Radiology departments can adopt responsible frameworks to deploy AI

Adopting a responsible framework could help overcome challenges in applying AI to medical imaging, according to an article published in the Canadian Journal of Cardiology.

Researchers led by MD/PhD candidate Alexis Nolin-Lapalme from the University of Montreal described an open-source software program that they developed, integrating AI models into PACS, called PACS-AI. This approach aims to increase the evaluation of AI models by making their integration and validation easier with existing medical imaging databases.

"It's like the training of a team. The training of an algorithm needs to be well understood," Nolin-Lapalme told "It's like any clinical tool as well. We need to understand when to use it and how to interpret the results."

As AI continues to surge in popularity among radiology departments, some departments may face unique challenges in applying the technology to medical images. These hurdles include heterogeneity among healthcare system applications, reliance on proprietary closed-source software, and rising cybersecurity threats.

The researchers also highlighted that before AI models are deployed in clinical settings, they must show their effectiveness across a wide range of scenarios and be validated by prospective studies. They added that using AI techniques in healthcare raises significant legal and ethical issues.

Nolin-Lapalme said that a responsible framework is making tools that will perform as equally as possible between medical groups. This includes training AI models that understand or consider underlying biases when dealing with various patient populations.

"I think there's a lot of interest in AI. People think that the performance seems very high," Nolin-Lapalme said. "Sometimes, the results can seem plausible, but understanding with criticism is key."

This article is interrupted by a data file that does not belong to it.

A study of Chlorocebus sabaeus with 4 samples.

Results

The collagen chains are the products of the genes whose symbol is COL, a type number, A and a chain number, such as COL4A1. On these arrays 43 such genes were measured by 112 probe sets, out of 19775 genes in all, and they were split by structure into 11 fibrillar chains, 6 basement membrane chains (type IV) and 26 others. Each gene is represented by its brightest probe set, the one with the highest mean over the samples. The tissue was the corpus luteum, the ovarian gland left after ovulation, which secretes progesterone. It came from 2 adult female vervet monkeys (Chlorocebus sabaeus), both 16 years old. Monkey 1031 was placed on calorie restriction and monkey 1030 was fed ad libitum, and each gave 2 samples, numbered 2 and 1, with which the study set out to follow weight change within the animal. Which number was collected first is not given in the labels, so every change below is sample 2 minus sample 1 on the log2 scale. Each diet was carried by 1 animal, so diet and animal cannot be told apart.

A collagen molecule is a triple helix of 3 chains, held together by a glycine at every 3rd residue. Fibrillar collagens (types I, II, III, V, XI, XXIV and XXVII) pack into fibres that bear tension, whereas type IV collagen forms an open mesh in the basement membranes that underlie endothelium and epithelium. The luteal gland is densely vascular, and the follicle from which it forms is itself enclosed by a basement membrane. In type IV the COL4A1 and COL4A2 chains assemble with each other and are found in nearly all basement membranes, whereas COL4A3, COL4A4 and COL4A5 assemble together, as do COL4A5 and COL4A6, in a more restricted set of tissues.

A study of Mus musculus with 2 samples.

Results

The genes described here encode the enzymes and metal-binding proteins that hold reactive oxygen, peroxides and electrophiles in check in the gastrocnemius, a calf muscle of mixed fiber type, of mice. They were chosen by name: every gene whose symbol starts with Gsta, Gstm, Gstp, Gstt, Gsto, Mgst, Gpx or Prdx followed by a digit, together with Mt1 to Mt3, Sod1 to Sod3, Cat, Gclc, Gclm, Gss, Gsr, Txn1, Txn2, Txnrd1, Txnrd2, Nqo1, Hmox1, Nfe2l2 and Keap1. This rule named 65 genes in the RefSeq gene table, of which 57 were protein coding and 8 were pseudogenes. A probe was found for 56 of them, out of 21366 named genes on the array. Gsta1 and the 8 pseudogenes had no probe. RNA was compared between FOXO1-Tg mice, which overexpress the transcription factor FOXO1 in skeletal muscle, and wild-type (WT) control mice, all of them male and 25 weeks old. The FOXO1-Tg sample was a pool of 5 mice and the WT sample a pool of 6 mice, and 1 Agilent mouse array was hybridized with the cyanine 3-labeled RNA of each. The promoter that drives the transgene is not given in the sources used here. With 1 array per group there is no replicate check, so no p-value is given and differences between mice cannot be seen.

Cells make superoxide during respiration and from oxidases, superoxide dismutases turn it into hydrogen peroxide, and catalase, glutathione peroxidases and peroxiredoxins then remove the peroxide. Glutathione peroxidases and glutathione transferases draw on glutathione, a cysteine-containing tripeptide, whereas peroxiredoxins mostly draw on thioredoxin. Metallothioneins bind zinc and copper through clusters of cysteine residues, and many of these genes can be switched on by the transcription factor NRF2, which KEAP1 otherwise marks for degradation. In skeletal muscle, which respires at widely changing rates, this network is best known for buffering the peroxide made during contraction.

The researchers in their review described PACS-AI, an open-source, vendor-agnostic software application that aims to increase the evaluation of AI models by making their integration and validation easier with existing medical imaging databases. The goal is to offer a pathway toward responsible, fair, and effective deployment of AI models in healthcare, the team wrote.

The platform works as an interface between existing clinical PACS and AI models. The researchers highlighted that its main goal is to allow for automated, near real-time application of AI models on clinical images for use at the point of care.

The platform offers a web application interface that clinicians can use to search for an imaging study stored on the hospital PACS and select a compatible AI model to be applied to the associated images. The application backend then collects the relevant images, prepares the data, and calls for an AI inference to be performed. The user is then presented with the results in the web interface.

Currently, the PACS-AI platform is being used for research purposes only across several Canadian and U.S. hospitals. The authors wrote that once the models are validated and have regulatory clearance, PACS-AI will also be used for the deployment of clinical AI models. They also noted that regulatory clearance in both countries will be needed for clinical use.

The full description of PACS-AI can be found here.